In October 1988 the British Home Secretary Douglas Hurd announced in the House of Commons that all Sinn Féin spokespersons and representatives were to be banned from television and radio.
For years the truth about the war in Ireland had been subject to self-censorship in the British media but this was the first time that such an overt ban had been imposed. This was highlighted by David Pallister, writing in The Guardian on the Hurd order:
“The election of Bobby Sands in 1981 came as a shock to most of the British media. This newspaper remarked that his death-bed victory had thrown years of myths out of the window. And the biggest myth is that the IRA in its violent phase represents only a tiny minority of the population. The media of course was largely responsible for the myths created simply because they failed to investigate the feeling of the nationalist community...Self-censorship and the inevitable ignorance that it engenders has worked as effectively as any government ban.”
In justifying the censorship order to the House of Commons Douglas Hurd cited the similar order under Section 31 of the Broadcasting Act in the 26 Counties. Since 1971 this had not only banned Sinn Féin spokespersons and representatives from the airwaves but had been widened by RTÉ management to restrict all kinds of expressions of republican opinion, even ballads. The widening of the ban to include all members of Sinn Féin, regardless of the context or capacity in which they were interviewed, was later found to be unlawful by the courts.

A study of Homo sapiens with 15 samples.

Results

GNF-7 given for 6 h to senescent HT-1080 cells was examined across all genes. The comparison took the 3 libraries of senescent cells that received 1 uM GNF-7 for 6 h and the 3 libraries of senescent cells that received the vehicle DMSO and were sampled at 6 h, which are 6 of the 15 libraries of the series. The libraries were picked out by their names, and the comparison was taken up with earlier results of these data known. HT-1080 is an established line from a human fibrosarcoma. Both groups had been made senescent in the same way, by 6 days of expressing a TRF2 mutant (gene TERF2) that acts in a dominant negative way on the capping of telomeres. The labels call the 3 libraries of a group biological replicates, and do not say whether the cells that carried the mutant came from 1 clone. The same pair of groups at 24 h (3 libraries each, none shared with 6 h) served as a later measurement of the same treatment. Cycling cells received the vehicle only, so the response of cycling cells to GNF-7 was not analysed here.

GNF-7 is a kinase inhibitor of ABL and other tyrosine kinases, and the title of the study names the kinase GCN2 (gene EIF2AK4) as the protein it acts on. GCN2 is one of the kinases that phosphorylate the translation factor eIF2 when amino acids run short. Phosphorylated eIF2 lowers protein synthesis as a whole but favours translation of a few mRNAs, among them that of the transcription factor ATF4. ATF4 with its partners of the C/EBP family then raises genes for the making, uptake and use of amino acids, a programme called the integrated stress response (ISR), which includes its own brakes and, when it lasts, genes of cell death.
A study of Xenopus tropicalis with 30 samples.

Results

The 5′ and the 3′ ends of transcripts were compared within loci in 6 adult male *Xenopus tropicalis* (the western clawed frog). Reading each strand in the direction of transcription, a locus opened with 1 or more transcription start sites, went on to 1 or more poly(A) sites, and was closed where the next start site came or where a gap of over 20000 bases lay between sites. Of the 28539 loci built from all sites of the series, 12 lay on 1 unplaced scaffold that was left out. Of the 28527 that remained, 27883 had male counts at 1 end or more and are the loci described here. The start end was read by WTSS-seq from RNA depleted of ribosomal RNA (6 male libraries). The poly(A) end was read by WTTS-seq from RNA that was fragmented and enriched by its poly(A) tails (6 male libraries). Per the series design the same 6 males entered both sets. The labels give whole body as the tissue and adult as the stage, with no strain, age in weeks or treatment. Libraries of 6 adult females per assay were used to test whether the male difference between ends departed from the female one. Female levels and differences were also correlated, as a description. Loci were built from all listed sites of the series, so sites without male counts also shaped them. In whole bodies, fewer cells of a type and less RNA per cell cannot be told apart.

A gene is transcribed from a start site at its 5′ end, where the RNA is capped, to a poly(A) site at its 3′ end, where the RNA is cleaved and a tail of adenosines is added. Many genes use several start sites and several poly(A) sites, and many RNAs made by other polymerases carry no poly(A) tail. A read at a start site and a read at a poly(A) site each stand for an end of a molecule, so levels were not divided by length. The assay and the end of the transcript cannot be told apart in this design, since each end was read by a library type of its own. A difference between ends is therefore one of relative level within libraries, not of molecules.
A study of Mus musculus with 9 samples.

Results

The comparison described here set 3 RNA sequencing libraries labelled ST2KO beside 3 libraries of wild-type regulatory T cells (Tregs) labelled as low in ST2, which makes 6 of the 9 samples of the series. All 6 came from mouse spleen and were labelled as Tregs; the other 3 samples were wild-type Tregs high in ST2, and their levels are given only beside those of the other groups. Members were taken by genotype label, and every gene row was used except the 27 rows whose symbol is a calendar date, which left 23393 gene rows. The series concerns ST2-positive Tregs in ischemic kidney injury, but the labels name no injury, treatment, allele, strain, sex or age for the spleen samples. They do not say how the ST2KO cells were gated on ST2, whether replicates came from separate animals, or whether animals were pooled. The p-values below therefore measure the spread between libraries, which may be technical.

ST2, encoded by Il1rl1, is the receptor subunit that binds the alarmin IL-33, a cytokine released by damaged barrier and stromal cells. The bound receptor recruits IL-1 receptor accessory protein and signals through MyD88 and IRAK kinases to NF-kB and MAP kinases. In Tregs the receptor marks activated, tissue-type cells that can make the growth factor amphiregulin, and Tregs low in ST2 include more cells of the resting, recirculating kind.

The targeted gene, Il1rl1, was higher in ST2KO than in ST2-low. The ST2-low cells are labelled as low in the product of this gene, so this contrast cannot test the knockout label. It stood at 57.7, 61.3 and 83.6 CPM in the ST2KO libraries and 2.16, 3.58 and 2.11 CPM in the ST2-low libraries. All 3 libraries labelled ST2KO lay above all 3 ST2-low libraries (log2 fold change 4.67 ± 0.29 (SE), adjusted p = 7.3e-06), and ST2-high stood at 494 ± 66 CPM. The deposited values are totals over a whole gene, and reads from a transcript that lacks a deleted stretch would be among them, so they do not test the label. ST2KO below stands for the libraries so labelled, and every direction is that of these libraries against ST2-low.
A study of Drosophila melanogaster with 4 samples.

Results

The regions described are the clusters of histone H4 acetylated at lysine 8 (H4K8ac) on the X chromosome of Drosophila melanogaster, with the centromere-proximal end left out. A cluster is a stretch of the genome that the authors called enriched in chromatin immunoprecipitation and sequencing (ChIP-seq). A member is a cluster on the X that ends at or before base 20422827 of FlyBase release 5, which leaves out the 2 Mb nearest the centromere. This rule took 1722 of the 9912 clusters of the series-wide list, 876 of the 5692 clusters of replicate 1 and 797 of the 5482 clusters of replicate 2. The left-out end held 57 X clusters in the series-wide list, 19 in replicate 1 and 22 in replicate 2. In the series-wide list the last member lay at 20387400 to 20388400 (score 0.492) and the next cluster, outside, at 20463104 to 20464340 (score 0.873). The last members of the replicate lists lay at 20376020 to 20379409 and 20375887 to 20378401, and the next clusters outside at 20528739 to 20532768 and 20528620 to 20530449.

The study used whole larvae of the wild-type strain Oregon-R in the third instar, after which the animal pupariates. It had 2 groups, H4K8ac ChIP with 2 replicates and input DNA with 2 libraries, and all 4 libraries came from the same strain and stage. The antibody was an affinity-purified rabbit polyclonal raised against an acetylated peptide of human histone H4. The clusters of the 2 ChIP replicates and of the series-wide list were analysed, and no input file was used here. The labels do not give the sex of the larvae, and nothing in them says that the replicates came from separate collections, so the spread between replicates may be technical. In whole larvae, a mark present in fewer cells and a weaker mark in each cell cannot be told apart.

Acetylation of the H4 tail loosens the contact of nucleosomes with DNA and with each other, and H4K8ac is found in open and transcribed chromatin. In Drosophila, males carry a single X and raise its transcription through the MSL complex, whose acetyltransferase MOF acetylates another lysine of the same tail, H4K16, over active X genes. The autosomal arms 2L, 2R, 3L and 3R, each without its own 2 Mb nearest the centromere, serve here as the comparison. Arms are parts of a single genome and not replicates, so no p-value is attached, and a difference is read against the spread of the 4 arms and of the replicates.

Initially British broadcasters reacted to the ban with confusion as it was not clear how widely it would apply. A radio station axed an interview with Bernadette McAliskey even though she was not a member of Sinn Féin. However, such was the opposition to the ban among British broadcasters, that, unlike their RTÉ counterparts, they eventually undermined it. Actors were employed to do ‘voice-overs’ on footage of Sinn Féin interviewees. This reduced the ban to farce and by highlighting the censorship itself it made many people in Britain question their government’s policy in Ireland.
The broadcasting ban also brought international embarrassment for the British government. The head of the white racist regime in apartheid South Africa, P.W. Botha, warned his country’s already censored press: “They must not complain when we institute regulations similar to those of the British government.”
Renowned journalist John Pilger wrote: “Consider the irony: the freedoms recently gained in Gorbachov’s Russia are those being abandoned here.”
As the Peace Process developed the absurdity and injustice of the ban became totally exposed and the British government had to abandon it in 1994.
The British broadcasting ban on Sinn Féin was imposed by Douglas Hurd on 19 October 1988, 20 years ago this week.